Comments on: America’s low-lying educational fruit http://blogs.reuters.com/felix-salmon/2013/03/24/americas-low-lying-educational-fruit/ A slice of lime in the soda Sun, 26 Oct 2014 19:05:02 +0000 hourly 1 http://wordpress.org/?v=4.2.5 By: CharlieB http://blogs.reuters.com/felix-salmon/2013/03/24/americas-low-lying-educational-fruit/comment-page-1/#comment-46428 Tue, 26 Mar 2013 20:36:08 +0000 https://blogs.reuters.com/felix-salmon/?p=21030#comment-46428 Did the well-endowed universities get a copy of this?


Yet if you pay salaries in the $30k-$40k range, and hire enough staff to keep average class size under 12 (with additional emphasis on guidance), you can give these students the attention and support they need to succeed, at a cost cheaper than what the public schools spend.


Consider the focuse of this book and its challenge to see skilled labor in a positive and proper light alongside the academic trades.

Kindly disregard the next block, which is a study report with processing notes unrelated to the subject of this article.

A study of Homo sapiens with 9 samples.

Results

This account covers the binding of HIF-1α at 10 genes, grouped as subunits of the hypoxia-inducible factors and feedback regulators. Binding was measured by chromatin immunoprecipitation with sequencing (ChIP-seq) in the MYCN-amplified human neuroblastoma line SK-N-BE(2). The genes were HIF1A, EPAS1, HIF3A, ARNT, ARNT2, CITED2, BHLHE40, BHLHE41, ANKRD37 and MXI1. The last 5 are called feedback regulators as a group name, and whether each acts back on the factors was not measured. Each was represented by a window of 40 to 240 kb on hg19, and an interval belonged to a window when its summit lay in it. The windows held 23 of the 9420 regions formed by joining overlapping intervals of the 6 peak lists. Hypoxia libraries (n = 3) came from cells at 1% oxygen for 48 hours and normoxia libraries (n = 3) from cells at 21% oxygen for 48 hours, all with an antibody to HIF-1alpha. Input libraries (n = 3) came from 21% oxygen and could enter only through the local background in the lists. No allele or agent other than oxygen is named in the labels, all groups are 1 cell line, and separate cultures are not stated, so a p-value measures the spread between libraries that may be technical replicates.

A philosopher/mechanic’s wise (and sometimes funny) look at the challenges and pleasures of working with one’s hands

Called “the sleeper hit of the publishing season” (The Boston Globe), Shop Class as Soulcraft became an instant bestseller, attracting readers with its radical (and timely) reappraisal of the merits of skilled manual labor. On both economic and psychological grounds, author Matthew B. Crawford questions the educational imperative of turning everyone into a “knowledge worker,” based on a misguided separation of thinking from doing. Using his own experience as an electrician and mechanic, Crawford presents a wonderfully articulated call for self-reliance and a moving reflection on how we can live concretely in an ever more abstract world.




Then consider donating to a school that serves primarily first-generation urban girls?

http://esaboston.com/

As you say, they have scholarships available to them if they simply graduate from high school with a good work ethic and decent skills (and apply). Bridging that gap is both shockingly cheap, less than $12k/student-year all-in, and frustratingly out of reach.